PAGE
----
Kansas City Royals at New York Yankees – 1:05 p.m.
It’s official: the captain is finally back.
This morning, Yankees general manager Brian Cashman confirmed that Derek Jeter will return today against the Kansas City Royals. According to an 11:00 a.m. tweet from Joel Sherman of the New York Post (@Joelsherman1), Jeter will DH and bat second today.
Jeter, 39, has not played in the majors since breaking his ankle in Game 1 of the 2012 ALCS against the Detroit Tigers. That was October 13. The future Hall of Famer was originally expected to be ready to suit up for or around Opening Day, but suffered a set back on April 18 when a new break in the same ankle was discovered. The re-break has kept him on the disabled list until today.
Jeter, an 18-year veteran, had previously been on a rehab assignment with Triple-A Scranton. In four games there, he went 1-for-9 (.111) with four walks in 13 plate appearances and committed one error in three games at shortstop. New York wasn’t looking for production; however, they were monitoring Jeter’s mobility and durability. His rehab stint proved that he is able to be active in the field and can play in back-to-back games without any negative effects.
As late as yesterday, the Yankees and Jeter had been very coy about when his activation would come, refusing to directly answer the question and giving only “we will see” types of answers.
This morning, Cashman explained to ESPN New York the rationale behind the decision to make today Jeter’s season debut.
“After the game last night, after Hafner got hurt, we looked at the weather patterns and I just decided to make the move for today,” said Cashman. “Derek was scheduled to DH in Scranton, so I figured, he could DH and sit around in the rain in Scranton, or he can DH and sit around in the rain in the Bronx. We chose the Bronx.”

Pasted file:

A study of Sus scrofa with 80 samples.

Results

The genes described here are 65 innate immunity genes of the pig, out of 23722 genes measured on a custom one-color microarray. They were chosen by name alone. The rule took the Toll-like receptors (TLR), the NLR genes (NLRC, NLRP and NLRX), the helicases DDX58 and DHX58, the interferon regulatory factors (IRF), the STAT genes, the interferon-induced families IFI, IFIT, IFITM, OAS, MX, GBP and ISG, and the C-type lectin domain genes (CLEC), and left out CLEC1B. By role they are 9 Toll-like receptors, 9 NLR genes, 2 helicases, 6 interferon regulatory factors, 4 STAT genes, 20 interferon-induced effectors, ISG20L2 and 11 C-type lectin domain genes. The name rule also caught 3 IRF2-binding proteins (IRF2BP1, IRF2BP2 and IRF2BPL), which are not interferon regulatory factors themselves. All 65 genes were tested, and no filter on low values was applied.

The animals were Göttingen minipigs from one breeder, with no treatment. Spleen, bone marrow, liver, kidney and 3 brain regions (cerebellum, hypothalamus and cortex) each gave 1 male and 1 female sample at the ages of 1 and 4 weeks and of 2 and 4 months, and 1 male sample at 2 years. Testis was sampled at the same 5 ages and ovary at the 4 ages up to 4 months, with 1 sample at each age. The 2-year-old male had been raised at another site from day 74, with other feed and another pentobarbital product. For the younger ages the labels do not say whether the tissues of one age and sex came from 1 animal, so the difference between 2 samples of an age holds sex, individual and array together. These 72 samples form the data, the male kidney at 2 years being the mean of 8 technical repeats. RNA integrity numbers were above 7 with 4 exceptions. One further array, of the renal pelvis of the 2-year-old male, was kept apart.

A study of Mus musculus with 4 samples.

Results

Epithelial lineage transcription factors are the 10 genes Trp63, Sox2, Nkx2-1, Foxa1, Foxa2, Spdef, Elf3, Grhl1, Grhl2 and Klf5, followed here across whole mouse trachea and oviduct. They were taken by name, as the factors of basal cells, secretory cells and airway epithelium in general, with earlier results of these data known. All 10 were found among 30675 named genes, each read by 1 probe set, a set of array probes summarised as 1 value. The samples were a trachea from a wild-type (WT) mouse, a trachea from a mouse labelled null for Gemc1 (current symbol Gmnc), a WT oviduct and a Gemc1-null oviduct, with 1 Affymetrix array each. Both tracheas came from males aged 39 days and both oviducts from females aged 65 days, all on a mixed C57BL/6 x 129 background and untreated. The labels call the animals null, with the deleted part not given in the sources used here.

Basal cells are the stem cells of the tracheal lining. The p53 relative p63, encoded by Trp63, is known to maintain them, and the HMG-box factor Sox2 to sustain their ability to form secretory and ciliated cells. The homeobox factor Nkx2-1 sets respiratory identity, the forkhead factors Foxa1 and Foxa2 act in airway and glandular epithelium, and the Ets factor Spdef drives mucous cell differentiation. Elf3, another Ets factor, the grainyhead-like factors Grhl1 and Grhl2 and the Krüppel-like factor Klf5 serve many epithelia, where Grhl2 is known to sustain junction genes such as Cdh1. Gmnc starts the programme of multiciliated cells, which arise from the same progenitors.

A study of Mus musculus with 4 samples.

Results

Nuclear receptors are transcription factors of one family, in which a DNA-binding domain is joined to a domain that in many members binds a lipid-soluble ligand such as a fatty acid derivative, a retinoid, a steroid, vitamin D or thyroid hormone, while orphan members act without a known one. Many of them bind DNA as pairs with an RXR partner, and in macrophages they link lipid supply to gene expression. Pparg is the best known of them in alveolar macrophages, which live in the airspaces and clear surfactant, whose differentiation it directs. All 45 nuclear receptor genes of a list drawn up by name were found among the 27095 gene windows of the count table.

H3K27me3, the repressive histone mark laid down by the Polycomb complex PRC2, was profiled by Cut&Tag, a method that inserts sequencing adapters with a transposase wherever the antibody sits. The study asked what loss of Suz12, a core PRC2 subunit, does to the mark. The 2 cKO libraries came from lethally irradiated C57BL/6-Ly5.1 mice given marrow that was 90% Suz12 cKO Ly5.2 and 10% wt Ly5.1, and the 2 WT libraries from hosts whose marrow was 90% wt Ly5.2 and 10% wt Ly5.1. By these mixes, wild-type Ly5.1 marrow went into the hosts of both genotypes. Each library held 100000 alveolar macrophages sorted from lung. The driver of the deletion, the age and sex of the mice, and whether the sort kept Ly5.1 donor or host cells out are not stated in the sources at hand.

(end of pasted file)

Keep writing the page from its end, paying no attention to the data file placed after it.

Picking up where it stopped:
There is little argument that New York needs an offensive boost, especially at the shortstop position. Yankee shortstops have combined to bat .211 (second worst in baseball) with a slugging percentage of .283 (worst in baseball) and 88 strikeouts (worst in baseball).
He will also be a psychological boost for a team whose roster has been mired with injuries and uncertainty since Opening Day. Jeter’s intangibles are unlike any others in baseball, and he will be expected to buoy a Yankees team that, while 7 games over .500 and 6.0 games out of first place, has been radically inconsistent and in need of a steadying presence.
He will be the team’s designated hitter today, but it may not be long before we see old number 2 back in the field at shortstop. According to a tweet from Bryan Hoch of MLB.com (@BryanHoch), Girardi said Jeter could play short as early as tomorrow.